But for that to happen, Syria, ravaged by a year-old uprising aimed at toppling the minority regime in Damascus, would have to be pacified and probably under a new government.
And for that to happen, there would more than likely have to be outside military intervention or at least a far more aggressive diplomatic effort than has so far been made, to end the bloodletting and install a friendlier regime than President Bashar Assad's Iranian-backed, anti-Western one.
The revolt in Syria shows no sign of ending. The United States is reluctant to mount the kind of operation it endorsed for NATO to support rebels fighting Moammar Gadhafi's Libyan regime in 2011.
But it may come to that because of events in the gulf, where Tehran has warned it will shut down the 112-mile Strait of Hormuz, the only way in and out of the gulf, if the West tries to throttle Iran's vital oil exports.
Blocking Hormuz with mines, missiles or other means would cut off around 17 million barrels shipped through the narrow strait every day. That's one-fifth of the world's oil supplies.
How long the Iranians could sustain that effort in the face of a major U.S. military response is open to question. But there would always be the danger Iran might try to do it again.
Analyst Ronnie Blewer, writing in Asia Times Online, surmised that overland pipelines northward from the gulf to the Mediterranean would be a serious alternative for gulf exports heading to Europe and the United States.
These pipelines would bypass "the most troubling oil chokepoints," the Strait of Hormuz, the Bab el-Mandeb Strait at the southern end of the Red Sea and the Suez Canal at the northern end.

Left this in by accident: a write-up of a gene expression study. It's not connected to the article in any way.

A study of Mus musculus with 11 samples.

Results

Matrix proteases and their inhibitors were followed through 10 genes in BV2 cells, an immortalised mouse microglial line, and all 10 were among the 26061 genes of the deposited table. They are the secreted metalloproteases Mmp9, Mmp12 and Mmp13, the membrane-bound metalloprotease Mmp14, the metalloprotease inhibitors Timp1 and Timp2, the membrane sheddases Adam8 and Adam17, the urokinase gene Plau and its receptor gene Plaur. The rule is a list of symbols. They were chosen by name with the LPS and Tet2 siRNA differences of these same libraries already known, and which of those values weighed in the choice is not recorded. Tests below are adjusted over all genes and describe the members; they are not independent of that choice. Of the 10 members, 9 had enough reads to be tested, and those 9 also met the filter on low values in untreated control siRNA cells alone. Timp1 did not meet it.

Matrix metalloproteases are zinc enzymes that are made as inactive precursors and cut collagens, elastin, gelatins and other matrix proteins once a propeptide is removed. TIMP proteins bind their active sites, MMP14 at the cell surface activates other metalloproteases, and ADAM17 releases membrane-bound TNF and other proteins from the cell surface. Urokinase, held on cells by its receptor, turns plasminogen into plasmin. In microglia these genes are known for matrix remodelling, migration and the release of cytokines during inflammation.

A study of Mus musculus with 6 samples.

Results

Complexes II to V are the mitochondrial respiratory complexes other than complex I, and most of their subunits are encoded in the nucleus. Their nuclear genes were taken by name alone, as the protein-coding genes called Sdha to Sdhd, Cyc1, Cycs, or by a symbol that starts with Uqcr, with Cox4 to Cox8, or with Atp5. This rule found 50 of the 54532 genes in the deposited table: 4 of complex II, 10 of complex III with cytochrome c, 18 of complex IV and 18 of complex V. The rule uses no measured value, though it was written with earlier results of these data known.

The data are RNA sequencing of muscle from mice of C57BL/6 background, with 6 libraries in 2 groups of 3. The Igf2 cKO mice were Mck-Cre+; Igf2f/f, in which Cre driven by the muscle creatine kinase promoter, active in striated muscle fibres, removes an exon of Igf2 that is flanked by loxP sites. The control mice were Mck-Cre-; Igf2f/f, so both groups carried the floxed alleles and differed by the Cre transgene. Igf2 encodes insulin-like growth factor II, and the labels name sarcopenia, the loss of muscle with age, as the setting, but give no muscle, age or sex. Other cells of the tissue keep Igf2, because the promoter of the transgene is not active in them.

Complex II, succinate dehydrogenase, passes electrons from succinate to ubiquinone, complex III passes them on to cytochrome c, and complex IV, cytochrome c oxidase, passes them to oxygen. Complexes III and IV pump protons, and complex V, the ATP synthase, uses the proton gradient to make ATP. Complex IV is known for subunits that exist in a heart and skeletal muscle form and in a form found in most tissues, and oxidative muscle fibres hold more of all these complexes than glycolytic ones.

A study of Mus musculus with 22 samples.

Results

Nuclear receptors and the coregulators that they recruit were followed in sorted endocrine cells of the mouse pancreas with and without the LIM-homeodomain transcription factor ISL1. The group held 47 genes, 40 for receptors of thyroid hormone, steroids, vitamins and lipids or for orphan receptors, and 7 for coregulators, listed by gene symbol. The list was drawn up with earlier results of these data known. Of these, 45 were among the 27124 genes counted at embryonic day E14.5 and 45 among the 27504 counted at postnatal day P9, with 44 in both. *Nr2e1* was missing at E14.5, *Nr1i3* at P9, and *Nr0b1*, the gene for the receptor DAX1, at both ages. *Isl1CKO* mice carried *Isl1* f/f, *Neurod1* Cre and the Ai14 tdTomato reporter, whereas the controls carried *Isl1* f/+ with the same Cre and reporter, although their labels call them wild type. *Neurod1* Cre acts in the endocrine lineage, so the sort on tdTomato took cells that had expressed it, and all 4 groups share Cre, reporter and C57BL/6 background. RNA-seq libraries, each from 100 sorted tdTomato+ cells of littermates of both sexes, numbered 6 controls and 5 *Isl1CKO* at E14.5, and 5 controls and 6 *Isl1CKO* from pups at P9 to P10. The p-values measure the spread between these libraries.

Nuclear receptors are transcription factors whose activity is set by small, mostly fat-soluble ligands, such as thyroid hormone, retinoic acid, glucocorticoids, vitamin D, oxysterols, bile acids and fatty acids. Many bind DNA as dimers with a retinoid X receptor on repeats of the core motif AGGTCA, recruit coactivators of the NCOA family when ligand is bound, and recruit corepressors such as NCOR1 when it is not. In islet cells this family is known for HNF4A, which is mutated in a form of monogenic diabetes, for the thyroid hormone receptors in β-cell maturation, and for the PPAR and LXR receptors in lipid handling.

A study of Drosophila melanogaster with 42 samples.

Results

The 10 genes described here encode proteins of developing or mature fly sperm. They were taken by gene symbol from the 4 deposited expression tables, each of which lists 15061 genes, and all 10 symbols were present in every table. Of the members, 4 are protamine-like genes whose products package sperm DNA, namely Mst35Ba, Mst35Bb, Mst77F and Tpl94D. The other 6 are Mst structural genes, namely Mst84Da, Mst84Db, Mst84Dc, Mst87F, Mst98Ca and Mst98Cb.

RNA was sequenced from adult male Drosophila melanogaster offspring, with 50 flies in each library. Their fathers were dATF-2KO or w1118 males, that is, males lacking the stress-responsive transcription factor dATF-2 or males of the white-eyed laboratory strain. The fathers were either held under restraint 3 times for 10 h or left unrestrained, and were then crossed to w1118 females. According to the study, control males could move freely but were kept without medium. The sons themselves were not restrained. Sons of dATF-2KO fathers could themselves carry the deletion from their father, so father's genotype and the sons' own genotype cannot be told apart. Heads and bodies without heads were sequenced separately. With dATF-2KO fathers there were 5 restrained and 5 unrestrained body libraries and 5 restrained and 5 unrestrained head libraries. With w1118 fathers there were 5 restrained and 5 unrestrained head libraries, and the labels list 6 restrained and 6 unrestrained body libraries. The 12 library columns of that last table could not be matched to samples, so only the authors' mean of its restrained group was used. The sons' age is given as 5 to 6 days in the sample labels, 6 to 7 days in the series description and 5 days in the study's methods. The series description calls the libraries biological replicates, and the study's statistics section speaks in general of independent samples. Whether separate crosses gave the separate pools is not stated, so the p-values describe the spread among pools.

"Is that a strong driver behind the West's interest in the Syrian rebellion?" Brewer asks.
"Instability all along the oil road is at its highest point in decades, and Syria's history as a perennial spoiler and location as a potential energy path cannot have been missed."
Apart from the Iranian threat against Hormuz, oil tanker routes face other problems:
-- Iran's efforts to dominate its western neighbor Iraq, which is destined to become one of the world's leading oil producers over the next decade, challenging even Saudi Arabia.
The U.S. global security consultancy Stratfor sees Iran's influence, spurred in large part by the Americans' efforts in ousting Saddam Hussein in 2003, as an "arc of influence" that extends through Syria, Iran's Arab ally, and into Lebanon, giving the Islamic Republic access to the Mediterranean.
"The West's strategy is to contain Iran's foreign influence and prevent Iran's development of nuclear weapons," Blewer observed. "Syria would be a natural target for this strategy."
-- The threat from Somali pirates has extended 1,500 nautical miles into the Indian Ocean and the Red Sea, threatening tanker routes from the gulf to Asia. One tanker was recently hijacked just south of Hormuz.
-- Al-Qaida has in recent months seized large swathes of conflict-plagued Yemen, which overlooks the chokepoint Bab el-Mandeb.
-- Political upheaval in Egypt, where pro-Western President Hosni Mubarak was forced out in February 2011, has catapulted the anti-Western Muslim Brotherhood and its Islamist allies to the brink of power.
That could lead to a closure of the Suez Canal. Gamal Abdel Nasser did that in 1956, forcing tankers westbound from the gulf to take the 6,000-mile voyage around Africa.
"Properly secured, a pipeline through Israel, Syria or Lebanon to the Mediterranean would be of tremendous value," Blewer noted. "Until now, a major Syrian pipeline would have been a pipe dream."
But the basic infrastructure for such a system is already in place.
In the 1940s, Bechtel built a 1,068-mile pipeline from Qaisumah in Saudi Arabia to Sidon port in Lebanon via Syria for what became Saudi Aramco.
The Trans-Arabian pipeline, or Tapline, could pump 500,000 barrels per day. It was closed during the 1967 Mideast war when Israel seized Syria's Golan Heights. It was reopened, but has been shut since 1976, when Lebanon's 15-year civil war erupted.